What to do with photos?

I’m new to wildlife photography and i mostly shoot invertebrates and birds. I usually delete my photos after uploading them to inaturalist though now i’m thinking maybe it is a good idea to save/store them? I’m trying to see what the consensus is; What do you guys do with your photos?

Definitely keep them :)

Definitely, definitely keep a backup somewhere.


Always keep them. Keep several copies.

I take a lot of wildlife photos and have duplicate back-ups of the RAW images as well as the processed images along with the .xmp files that record the raw-jpg edits. I keep the back-ups two different external hard drives and as much as I can on my primary laptop as well.

Obviously, you can ditch the poor quality images (as long as they do not contain valuable information - what counts as valuable is up to you), but definitely keep all the rest.


I use a DSLR that I upload to my computer, so all of my photos are on my computer. Most phones can do the same if they have a cloud or backup set up.



Thanks for all the replies!
I’m kinda in line with @JayAvery as i’m more of a “do and forget” guy.
Although i might probably make use of the photos later on, maybe make a profit out of it or use it for scientific publication? hence i think i agree that i should store them.



I trhough them away

I through them awa and do not keep them

I delete most of mine. Yes memory/storage is cheap and easy but it’s one more step to add to the workflow, particularly if you’re trying to keep them in some kind of organized fashion (= meaningful/understandable folder naming/labeling etc.) and you’re taking hundreds of photos per week.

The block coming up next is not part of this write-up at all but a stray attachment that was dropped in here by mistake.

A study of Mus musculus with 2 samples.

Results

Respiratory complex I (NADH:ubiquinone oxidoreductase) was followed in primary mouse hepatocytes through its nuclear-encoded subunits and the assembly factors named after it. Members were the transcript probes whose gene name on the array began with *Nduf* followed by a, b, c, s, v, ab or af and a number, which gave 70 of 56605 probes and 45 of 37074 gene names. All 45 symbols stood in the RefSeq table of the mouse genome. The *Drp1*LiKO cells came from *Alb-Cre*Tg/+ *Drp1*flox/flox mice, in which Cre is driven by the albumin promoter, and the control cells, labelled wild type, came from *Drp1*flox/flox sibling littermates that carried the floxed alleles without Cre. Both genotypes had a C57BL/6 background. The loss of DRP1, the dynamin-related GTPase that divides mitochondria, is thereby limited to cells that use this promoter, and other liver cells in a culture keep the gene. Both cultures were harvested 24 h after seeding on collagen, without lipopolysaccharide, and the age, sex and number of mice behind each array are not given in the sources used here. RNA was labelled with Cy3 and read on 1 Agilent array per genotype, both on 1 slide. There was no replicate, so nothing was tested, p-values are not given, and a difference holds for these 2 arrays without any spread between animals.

For particularly unusual/interesting species with uncertain IDs, however, I’ll hold onto them. Not simply for higher resolution, but in some cases an expert observer/identifier will be interested in a particular feature/body part that I didn’t include a great picture of in my original posted observation.

Each person will develop a “system” that works for them over time, informed by experience and some trial and error. If I were in your position I’d err on the side of keeping photos for a couple of months and then reassess after you’ve had more experience :)


I say delete as if you are like me you post the best of your options. In addition if you don’t have unlimited storage you have a good way to manage it. Plus, once in iNaturlist, it’s there for ever as research:). What I am most curious about is if they have developed a way to input sounds created by the video selection of camera phones. I have good quality sound from wood frogs I would love to add but currently can’t.

When I take photos with my DSLR, I delete all the bad photos and keep the good ones. I upload the good ones to iNat or eBird but also store the raw files and edits in an external drive. I’ve also uploaded all of the older ones to Google Drive at one point.

When I take pictures with my phone for iNaturalist I usually delete them though, unless I really like the photos for some reason. The photos usually aren’t good quality and I only intended them for iNat anyway.





I am more of a hobby photographer than a naturalist, honestly (I photograph lots of things that aren’t going to get posted to iNat) so I have a whole system with more than one backup option.

But something that’s pleasing me a lot at the moment is Google Photos. The free option will upload your photos in ‘high quality, but not original quality’ which is basically the same for anyone who isn’t a professional, and if you’re short on space you could just store them in there and delete the originals.

My actual filing system could use work, though. If I’m not photographing an important event or trip, everything just gets filed by date. I should probably be tagging them…


I feel tempted to toss everything sometimes just because of the sheer overwhelming number of photos I take, my techno-phobic mindset /ignorance of technologies and the complexity of storage. I know it’s silly but I long for the mostly ignorance-proof, romanticized method of prints in shoe boxes though I’d have an entire building filled with boxes at this point.


Aside from storage, what else do you do with you’re pictures? Do you use them in anything?